I’d never been pulled over for being under the posted speed limit before
The target for day two was Deception Pass. We’d ridden over the bridge between the mainland and Whidbey Island the previous day but didn’t have a chance to stop and take in the views. So back north for around 20 minutes. Well, it would have been but for an unscheduled stop.
I’d heard that the police in Washington came down hard on speeding bikes so when I noticed a local Sheriff’s car tailing us I made sure that we were not over the posted limit. I hadn’t noticed the limit change from 50 to 55mph so the scoots were hanging around 50, certainly no slower. A highway patrol car passed us in the opposite direction and soon after the Sheriff’s car pulled off. Okay to pick up the pace a bit now I thought. Seconds later I spot a highway patrol car, lights on steaming up on us. “pull over right” I shout to Lesley over the comms. What I wasn’t expecting was for us to be recipients of the flashing lights.
Lesley has pulled over and I joined her. The officer was out of his car and opened the conversation. I was simply wondering what on earth we’d done. Lane discipline was fine, not speeding. Was we ‘racing’ I thought to myself. I was not ready for the next few words (I paraphrase). “you were only riding about 35mph and causing a tailback. If there’s more than 3 cars behind your obliged to pull over. It’s the law. You were holding locals up who might be late for work or church (it was a Sunday). They might try and pull some crazy passing moves”. There are times when one has to pick the battles. The fact that we were no more than 5mph under the posted limit and not the 20 thrown at us was annoying. However, if this was justa ‘telling off’ and license check we’d be on our way soon. I kept my mouth shut. No problems were found with our documents and we were on our way. I’d never been pulled over for being under the posted speed limit before. Surreal, bizarre and I seriously doubt that a bike would have been pulled. This was simply scooter discrimination.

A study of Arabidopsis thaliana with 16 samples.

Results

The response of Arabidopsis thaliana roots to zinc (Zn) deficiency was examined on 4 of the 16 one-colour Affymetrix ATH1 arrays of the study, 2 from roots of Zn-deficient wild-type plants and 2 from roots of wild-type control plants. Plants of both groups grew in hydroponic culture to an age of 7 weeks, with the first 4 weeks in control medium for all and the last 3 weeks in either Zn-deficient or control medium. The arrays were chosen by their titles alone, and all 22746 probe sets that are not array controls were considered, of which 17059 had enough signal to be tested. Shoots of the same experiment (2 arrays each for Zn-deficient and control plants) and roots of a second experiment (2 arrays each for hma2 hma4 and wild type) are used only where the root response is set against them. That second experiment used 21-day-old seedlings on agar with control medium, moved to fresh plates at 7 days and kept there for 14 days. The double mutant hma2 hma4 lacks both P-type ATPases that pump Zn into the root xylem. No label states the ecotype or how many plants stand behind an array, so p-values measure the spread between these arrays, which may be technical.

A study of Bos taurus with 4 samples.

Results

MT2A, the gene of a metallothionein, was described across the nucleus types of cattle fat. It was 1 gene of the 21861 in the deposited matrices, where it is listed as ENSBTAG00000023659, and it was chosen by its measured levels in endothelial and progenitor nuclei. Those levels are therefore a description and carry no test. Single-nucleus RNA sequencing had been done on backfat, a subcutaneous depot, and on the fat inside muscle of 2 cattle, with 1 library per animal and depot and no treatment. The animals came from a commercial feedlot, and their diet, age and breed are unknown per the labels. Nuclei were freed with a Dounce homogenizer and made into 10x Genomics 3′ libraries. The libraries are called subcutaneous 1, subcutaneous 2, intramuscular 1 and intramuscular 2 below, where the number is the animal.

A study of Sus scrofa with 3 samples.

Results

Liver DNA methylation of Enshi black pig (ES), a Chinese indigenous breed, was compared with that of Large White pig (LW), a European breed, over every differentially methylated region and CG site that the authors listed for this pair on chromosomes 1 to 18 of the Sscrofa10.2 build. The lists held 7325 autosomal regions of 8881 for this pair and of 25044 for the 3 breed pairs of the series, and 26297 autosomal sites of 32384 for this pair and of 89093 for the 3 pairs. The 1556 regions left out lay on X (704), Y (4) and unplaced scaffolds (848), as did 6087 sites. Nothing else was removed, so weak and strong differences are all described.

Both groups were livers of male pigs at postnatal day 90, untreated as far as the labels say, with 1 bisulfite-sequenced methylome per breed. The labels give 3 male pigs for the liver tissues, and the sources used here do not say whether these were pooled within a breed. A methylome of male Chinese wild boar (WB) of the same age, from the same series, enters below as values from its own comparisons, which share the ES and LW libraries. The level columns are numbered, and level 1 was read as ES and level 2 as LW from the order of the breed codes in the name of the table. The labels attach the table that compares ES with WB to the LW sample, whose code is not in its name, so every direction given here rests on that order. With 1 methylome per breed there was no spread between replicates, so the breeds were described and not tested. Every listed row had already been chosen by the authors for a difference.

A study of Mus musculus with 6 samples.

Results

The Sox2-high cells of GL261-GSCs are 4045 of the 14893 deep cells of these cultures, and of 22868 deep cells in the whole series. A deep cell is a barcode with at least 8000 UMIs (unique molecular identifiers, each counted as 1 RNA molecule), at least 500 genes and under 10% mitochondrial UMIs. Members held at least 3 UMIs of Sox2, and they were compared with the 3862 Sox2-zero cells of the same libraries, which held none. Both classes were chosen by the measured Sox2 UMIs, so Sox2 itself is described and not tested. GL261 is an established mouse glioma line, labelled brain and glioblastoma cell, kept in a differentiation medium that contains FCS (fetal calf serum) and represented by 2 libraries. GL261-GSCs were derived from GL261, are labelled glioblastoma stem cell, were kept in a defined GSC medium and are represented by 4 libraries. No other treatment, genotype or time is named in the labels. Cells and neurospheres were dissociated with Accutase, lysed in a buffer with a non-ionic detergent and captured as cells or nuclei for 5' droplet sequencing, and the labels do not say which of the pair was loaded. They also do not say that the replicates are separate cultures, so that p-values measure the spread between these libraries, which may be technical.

Lesley and I headed off, our heads spinning with what had just happened. From now on whilst on Whidbey Island it would have to be “quick, speed up, the police are watching” if ever we saw another squad car.
The afternoon was planned to be at Fort Casey near the Coupeville ferry terminal. Unfortunately I underestimated the fuel and we turned around, heading in to Coupeville. As it turned out, it wasn’t a bad move. Coupeville was a smashing little tourist spot. A wander on to the beach area, along to the pier. Just kicking back and watching the water. All very relaxing, and a fine way to let the head start to sort out the mornings events.
A quick Vespa mention. The scoots really do attract attention. At times some far more conspicuous bikes are not being given a second glance, it’s the Vespa’s drawing the admiring looks. I’m guessing in some ways people are just not expecting to see two scooters from BC. Scooters are 50cc town things. The truth is these GTS 300’s are living up to the letters. Touring on these bikes is a real pleasure.
Comfortable and peppy they’re great for minor roads, easily keeping up with traffic (despite what the local law enforcement think). My vision of the alternative road trip is alive and well.
Day two had turned out fine, despite the run in with the law. Having said that, I can see being pulled over for being very close, but under the posted speed limit will be a boring anecdote for year to come.